The Queen Anne Style, popular in America from 1880-1920, had its roots in the English style of the same name, spread through the use of pattern books and early architectural journals. Once it crossed the Atlantic, the style became distinctly American—particularly in its exploitation of turned wood elements and use of a variety of textures. The dominant features are an asymmetrical façade, frequent use towers or turrets, broad areas of shingles—often shaped, ornate bargeboards, and elaborate turned wood porch posts, balusters and newel posts. Predominantly wood frame, many of these houses would have been painted with multiple colors used to “pick out” various decorative elements. The floor plan of this style was typically irregular with rooms of varying size, often radiating off a large entrance area.
One of the most popular styles in American residential architecture, from the American Centennial in 1876 through the mid-20th century, the Colonial Revival Style draws from America’s colonial past, particularly delighting in the decorative details and the symmetrical proportions of 18th century Georgian architecture, which was derived from Classical Greek and Roman architecture. The classic Colonial Revival house has a symmetrical façade with a central entrance, classical ornamentation, such as columns and pilasters, pediments over the doorway and either a side-facing gable or gambrel roof. Some later examples of the style derive inspiration from America’s earliest buildings in the use of an overhang at the second floor and the use of casement windows and carved pendants. Whether grand or modest, the floor plans of this type of house reflect the balance of elements of the façade, with a central entrance hall and rooms, typically two, on either side.
Popular from 1890-1930s, the Tudor Revival style was inspired by “picturesque” elements of medieval English and European buildings. Some versions of the style replicated the half-timbering found during the Elizabethan and Jacobean eras of England. Many examples exhibit elements associated with vernacular cottages, such as simulated “thatch” roofs and stucco exteriors, smaller proportioned windows–frequently casements with small panes of glass, curious elements such as “dove cotes” and prominent chimneys—often a dominant design feature of the facade. Many examples have asymmetrical facades, with a sweeping roofline, diamond-paned windows and ornamental stone or brickwork. With the Tudor Revival, the large central entrance “hall” of the Colonial Revival is typically replaced by a smaller entrance vestibule-often projecting from the façade. The plan may be irregular, reflecting the exterior placement of elements, or it could be quite balanced.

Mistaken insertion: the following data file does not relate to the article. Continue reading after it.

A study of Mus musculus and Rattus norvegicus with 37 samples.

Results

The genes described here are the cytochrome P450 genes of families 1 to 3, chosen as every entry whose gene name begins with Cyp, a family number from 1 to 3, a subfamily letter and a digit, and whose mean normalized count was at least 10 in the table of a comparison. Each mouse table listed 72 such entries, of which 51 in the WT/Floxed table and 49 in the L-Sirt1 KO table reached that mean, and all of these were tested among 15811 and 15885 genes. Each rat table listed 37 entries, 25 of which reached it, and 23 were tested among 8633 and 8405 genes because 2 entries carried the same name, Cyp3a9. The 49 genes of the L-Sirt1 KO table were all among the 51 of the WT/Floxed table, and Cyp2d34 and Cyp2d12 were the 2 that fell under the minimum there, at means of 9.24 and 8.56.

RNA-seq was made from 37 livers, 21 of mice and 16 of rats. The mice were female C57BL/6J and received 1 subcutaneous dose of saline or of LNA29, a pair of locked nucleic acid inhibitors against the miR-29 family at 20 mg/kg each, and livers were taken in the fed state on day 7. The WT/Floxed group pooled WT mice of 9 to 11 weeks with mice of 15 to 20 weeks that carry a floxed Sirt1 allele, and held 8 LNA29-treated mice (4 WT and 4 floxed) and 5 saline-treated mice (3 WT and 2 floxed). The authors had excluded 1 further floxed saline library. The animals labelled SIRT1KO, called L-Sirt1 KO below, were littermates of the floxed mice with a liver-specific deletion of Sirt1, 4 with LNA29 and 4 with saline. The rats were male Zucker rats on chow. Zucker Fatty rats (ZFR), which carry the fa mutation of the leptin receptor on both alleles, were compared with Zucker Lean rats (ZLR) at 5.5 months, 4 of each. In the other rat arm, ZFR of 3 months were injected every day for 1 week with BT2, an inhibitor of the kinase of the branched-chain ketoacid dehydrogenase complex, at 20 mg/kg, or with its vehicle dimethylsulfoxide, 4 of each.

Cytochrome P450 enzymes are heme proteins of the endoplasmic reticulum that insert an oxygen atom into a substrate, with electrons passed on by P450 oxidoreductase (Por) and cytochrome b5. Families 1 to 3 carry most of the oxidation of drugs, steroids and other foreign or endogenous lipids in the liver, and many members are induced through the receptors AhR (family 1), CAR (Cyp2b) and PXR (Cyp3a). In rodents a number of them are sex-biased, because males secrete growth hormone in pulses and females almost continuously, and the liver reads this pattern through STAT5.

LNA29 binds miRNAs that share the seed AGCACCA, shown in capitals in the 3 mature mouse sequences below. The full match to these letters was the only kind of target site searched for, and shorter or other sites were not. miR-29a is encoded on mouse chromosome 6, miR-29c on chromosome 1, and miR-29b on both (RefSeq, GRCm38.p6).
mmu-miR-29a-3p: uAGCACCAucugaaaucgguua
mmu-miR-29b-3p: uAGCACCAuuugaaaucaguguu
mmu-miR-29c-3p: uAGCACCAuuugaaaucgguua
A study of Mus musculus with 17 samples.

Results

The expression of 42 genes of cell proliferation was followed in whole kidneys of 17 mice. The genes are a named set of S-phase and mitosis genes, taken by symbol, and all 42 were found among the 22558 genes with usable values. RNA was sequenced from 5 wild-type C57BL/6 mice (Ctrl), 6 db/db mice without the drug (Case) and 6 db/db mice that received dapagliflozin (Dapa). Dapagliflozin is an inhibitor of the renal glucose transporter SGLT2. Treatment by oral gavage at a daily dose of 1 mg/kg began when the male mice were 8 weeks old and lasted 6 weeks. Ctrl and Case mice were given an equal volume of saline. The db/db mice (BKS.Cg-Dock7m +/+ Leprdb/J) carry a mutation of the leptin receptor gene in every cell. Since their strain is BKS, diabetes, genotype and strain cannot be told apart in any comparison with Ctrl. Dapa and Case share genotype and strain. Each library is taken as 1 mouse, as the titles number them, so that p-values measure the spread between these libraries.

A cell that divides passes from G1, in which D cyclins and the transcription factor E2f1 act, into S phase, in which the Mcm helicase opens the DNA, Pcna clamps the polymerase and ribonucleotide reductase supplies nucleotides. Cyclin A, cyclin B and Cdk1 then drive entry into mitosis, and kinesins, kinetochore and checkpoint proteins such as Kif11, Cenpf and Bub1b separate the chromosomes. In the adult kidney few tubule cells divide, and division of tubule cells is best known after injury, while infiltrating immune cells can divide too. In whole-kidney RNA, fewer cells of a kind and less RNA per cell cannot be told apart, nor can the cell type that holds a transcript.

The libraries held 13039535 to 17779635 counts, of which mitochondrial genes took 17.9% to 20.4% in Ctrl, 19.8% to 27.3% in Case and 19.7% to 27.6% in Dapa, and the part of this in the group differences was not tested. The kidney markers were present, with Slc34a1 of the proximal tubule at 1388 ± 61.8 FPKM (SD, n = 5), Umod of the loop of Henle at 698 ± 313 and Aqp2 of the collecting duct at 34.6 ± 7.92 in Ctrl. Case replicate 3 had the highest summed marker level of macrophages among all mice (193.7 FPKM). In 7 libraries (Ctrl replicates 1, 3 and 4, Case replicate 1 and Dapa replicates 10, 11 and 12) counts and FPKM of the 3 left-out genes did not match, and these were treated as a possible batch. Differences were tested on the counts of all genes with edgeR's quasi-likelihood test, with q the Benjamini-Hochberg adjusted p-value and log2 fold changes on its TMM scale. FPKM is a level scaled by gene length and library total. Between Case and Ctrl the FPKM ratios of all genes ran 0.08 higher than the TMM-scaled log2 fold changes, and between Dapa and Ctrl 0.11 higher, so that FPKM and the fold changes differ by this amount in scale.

This was a truly American house type, popular from the late 1890s through 1930. It was essentially a cube—two stories with an attic, with either a hipped or pyramidal roof. Large dormers made the attic space a usable room. A large, welcoming porch typically extends along the full front. The façade is symmetrical with a central entrance, although there are variations with a side entrance. Windows are large and grouped, providing more light than earlier house types. The Four Square—less a style than a “type” was easily “accented” with architectural features from other styles—typically Colonial Revival and the Craftsman style.
The Arts and Crafts movement began in England in the latter decades of the 19th century and was popular in America from the 1900s through the 1920s. The Arts and Crafts movement included furniture design and the decorative arts, such as fabric and ceramics, and became a popular and distinctive method of building and living. In America, this movement was championed by Gustav Stickley, who built his home “Craftsman Farms” in Parsippany, N.J. in 1911. The Craftsman Style was the culmination of this movement in built form as it expressed the “hand made.” The typical form of the Craftsman house would have a low-pitched roofline with wide, overhanging eaves and exposed rafter tails or brackets. A mixture of materials, particularly the use of rustic looking rubble stone for foundations, chimneys and porch posts, was typical. The floor plan was new as well, and featured an “open” plan, where rooms could flow into each other, sometimes separated by a screen wall of columns or bookcases.
Many houses in the College Hill neighborhood are not easily classified into particular styles because the architect or builder freely combined elements of several styles within one building resulting in a quite exuberant design. In particular, a simple, rectangular house form with regularly placed windows, as in the Colonial Revival style, sometimes has elements from the Tudor Revival, such as a steeply pitched gable over the entrance or an exaggerated chimney stack used in a decorative manner on the facade. The American Four Square house type in particular lends itself to the application of elements of an architectural vocabulary associated with variety of period revival styles.